We're 1/4 of the way through the season. This 13-27 stretch is the worst since the 2001 Twins came out of the All-Star break 11-30. But don't write them off just yet. There was some very encouraging news coming out of Tuesday night's recap. First, feast your eyes on this beauty:
7 IP, 3 H, 1 ER, 1 BB, 9 K
For the 1st time all season, Francisco Liriano pitched like he's supposed to. I know the Mariners aren't much better at hitting than the Twins are. But opposing lineups haven't been hitting Liriano too much lately. They've been walking. In this game, Liriano showed both improved control (17/26 batters faced started with strike 1) and a killer instinct once he got them to 2 strikes. Where has that been all season? Well... look at his stats by catcher:
Mauer - 7.71 ERA, 7.7 BB/9, 7.7 K/9
Rivera - 1.29 ERA, 1.3 BB/9, 11.6 K/9
Butera - 6.84 ERA, 6.5 BB/9, 4.4 K/9
Small sample sizes all. Liriano has been horribly erratic, and he'll have to limit the walks if he's going to succeed going forward. But it appears that Butera isn't calling the game in such a way that would elicit swinging strikes. Looking at the staff as a whole:
Mauer - 4.04 ERA, 5.9 K/9, 3.7 BB/9
Rivera - 3.45 ERA, 9.3 K/9, 4.1 BB/9
Holm - 5.44 ERA, 6.1 K/9, 3.3 BB/9
Butera - 5.58 ERA, 5.2 K/9, 4.1 BB/9
When Butera is behind the plate, all Twins pitchers have a terrible K/BB ratio. I actually find that very encouraging. As terrificly as Liriano and Nick Blackburn have done with Rivera behind the plate, I would think Gardy would want to keep that chemistry going. Since Butera and Rivera are both hitting horribly, why not go with the guy who's getting good pitching performances? And Joe Mauer will return some day. When he does, the K/BB ratio will improve, making the pitching better even as the catching spot is transformed from an automatic out into a .400+ OBP. Maybe seeing Butera outplayed by a replacement-level journeyman will help Bill Smith realize how badly the Twins need a proper backup C, and he'll do what it takes to get one.
Jason Repko started his rehab assignment yesterday, and went 2 for 5 with a HR. He will soon take the place of Ben Revere and his .167 OBP. Jim Thome is swinging the bat in Florida and should return within a week. Soon he'll be the one pinch-hitting for Rivera and Butera and Casilla. Delmon Young was rushed back too soon (evidently, a dozen or so PA against Rookie-ball pitching doesn't prepare you to face the likes of Ricky Romero, Brandon Morrow and Michael Pineda), but he'll find his stroke soon enough. Tsuyoshi Nishioka is running in Florida and within a couple of weeks will be sending Matt Tolbert's and Casilla's sub-.250 OBPs out of the starting lineup. Danny Valencia is playing very well, just having unsustainably bad luck. Michael Cuddyer doesn't seem like he's doing much, but look at this:
Cuddyer 2008-2010: .269/.337/.451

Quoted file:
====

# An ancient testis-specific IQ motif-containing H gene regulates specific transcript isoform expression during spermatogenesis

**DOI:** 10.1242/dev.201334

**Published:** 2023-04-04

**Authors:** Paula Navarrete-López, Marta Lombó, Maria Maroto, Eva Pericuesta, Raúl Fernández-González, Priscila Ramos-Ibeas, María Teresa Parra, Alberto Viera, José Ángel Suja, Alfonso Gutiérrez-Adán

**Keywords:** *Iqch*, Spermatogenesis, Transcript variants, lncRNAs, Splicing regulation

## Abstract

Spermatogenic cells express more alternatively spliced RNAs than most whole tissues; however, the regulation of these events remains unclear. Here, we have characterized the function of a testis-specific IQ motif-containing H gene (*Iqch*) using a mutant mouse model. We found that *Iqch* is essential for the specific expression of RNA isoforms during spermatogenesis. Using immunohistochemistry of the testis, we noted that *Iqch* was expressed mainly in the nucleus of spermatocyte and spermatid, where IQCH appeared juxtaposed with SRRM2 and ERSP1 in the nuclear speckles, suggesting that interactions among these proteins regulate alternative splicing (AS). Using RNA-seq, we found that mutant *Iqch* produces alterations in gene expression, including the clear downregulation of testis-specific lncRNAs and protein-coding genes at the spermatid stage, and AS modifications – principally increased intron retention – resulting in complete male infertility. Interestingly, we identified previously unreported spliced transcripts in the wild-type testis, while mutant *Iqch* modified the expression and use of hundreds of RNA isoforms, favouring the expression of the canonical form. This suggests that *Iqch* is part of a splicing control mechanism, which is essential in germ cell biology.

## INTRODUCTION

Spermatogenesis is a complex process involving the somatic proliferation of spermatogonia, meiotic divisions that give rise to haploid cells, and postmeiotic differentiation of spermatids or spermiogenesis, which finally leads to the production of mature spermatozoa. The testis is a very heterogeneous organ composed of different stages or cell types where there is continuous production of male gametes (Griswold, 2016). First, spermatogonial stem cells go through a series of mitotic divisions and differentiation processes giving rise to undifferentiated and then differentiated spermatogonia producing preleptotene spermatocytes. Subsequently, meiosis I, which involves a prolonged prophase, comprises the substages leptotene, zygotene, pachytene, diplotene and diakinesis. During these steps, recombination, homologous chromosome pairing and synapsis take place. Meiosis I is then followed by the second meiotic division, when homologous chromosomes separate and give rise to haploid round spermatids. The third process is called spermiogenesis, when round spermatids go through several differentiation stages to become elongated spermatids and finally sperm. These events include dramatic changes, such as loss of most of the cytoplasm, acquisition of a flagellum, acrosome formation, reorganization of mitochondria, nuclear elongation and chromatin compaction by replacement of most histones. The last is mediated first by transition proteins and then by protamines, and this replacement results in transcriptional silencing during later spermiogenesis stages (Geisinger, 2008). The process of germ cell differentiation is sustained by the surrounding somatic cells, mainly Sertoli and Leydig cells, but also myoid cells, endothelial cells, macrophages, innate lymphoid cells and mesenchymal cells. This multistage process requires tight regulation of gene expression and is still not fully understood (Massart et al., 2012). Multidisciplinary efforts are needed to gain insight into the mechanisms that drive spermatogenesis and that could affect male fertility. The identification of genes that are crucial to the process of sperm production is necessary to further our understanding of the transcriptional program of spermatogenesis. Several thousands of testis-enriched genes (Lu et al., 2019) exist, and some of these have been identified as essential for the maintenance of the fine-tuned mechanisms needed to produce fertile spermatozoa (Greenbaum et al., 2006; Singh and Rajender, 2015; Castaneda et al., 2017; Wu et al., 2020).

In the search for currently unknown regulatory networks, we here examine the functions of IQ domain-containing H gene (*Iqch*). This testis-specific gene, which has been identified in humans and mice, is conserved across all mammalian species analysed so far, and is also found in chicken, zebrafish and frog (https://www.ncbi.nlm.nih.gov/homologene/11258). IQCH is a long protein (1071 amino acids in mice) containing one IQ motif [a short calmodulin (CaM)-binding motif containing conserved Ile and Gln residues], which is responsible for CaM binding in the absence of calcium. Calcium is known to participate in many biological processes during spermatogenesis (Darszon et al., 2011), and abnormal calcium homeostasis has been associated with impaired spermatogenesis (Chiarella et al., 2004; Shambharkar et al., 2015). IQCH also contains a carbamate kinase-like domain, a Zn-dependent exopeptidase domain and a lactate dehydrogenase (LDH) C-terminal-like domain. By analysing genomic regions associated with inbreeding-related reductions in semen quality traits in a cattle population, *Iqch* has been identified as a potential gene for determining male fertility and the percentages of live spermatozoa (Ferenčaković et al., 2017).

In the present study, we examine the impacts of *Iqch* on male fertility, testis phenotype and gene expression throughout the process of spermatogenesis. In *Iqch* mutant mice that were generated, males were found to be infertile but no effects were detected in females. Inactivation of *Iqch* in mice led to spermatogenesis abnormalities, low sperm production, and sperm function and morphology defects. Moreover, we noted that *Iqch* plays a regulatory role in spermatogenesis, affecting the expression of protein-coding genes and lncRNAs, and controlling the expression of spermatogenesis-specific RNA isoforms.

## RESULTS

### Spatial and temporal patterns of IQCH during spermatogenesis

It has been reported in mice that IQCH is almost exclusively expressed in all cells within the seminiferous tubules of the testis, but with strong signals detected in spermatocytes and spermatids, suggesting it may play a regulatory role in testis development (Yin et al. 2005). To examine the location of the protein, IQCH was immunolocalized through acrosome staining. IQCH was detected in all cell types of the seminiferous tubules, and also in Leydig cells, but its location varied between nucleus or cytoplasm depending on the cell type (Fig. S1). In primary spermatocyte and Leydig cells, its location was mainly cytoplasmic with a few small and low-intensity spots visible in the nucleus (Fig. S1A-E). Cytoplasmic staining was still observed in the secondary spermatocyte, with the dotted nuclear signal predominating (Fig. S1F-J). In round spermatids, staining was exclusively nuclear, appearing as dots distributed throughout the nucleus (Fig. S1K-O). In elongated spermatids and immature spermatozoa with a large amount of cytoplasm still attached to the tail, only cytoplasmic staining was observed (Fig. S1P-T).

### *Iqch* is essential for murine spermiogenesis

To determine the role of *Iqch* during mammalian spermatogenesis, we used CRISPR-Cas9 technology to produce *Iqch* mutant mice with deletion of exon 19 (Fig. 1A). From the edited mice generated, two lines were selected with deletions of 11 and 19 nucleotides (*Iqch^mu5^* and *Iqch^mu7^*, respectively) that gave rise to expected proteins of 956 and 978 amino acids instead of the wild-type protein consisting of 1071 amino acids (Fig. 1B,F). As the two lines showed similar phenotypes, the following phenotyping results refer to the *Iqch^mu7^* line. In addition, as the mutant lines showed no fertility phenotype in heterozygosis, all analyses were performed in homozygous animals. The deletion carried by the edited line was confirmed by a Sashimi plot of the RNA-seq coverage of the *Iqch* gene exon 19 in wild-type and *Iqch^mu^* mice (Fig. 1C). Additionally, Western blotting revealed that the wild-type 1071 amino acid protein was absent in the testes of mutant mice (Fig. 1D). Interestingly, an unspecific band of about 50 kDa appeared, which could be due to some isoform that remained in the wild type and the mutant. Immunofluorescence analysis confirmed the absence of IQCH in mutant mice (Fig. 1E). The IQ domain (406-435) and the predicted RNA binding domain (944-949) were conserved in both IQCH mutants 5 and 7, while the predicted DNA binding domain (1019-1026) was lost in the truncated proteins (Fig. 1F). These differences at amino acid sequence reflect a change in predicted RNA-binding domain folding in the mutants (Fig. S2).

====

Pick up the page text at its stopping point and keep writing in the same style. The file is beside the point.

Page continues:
Cuddyer since 4/12/11: .298/.360/.439
Once he made up the 30 or so PA he missed in spring training, he's played as well as we had any right to expect. Though his power has been lacking, and he hasn't done much with RISP, he's far from a liability.
This lineup is destined to score more runs, which brings me to the best news of all:
The Twins have been held to 3 or fewer runs in 28 of 40 games, and are 4-24 in those games.
Isn't that fantastic? That means the Twins are 9-3 in games in which they score at least 4 runs. (And 2 of the 3 losses were blown saves!) A .750 winning percentage can turn this season around very quickly, especially with the schedule lightening up a bit. They just have to score one more R/G. And they will.
Every team goes the rough spells. Look at the way the Rays and Red Sox started the season. Look at the way the Yankees are playing now. But every team has periods of prolonged success, as well. The 2001 team that was bad enough to go 11-30 was also good enough to start the season 29-12. A surge like that would get the Twins back over .500 by the mid-point of the season. And the '01 Twins weren't the only ones to have hot streaks:
2002: Beginning on June 30th, the Twins went 24-7.
2003: Coming out of the break, the Twins went 45-20 to take the division title.
2004: From August 15th to September 16th, the Twins went 23-7 to take the division title.
2005: They began the season 35-22 before fading to just over .500 when it was all over.
2006: Beginning June 8th, the Twins finished the season 71-33 to steal the division on the last day.
2007: From May 22nd through July 15th, the Twins had a 29-19 run.
2008: From June 16th to the end of August, they went 45-25.
2009: The Twins went 17-4 over the final 3 weeks to steal the division in game 163.
2010: Starting one game after the ASB, they went 46-17 to wrap up the division with 10 games yet to play.
Every Twins team for a decade has had a period of sustained winning. Any of those periods, applied to the 2011 team, would turn the season around.
The good times are coming. Will it be too late when they arrive?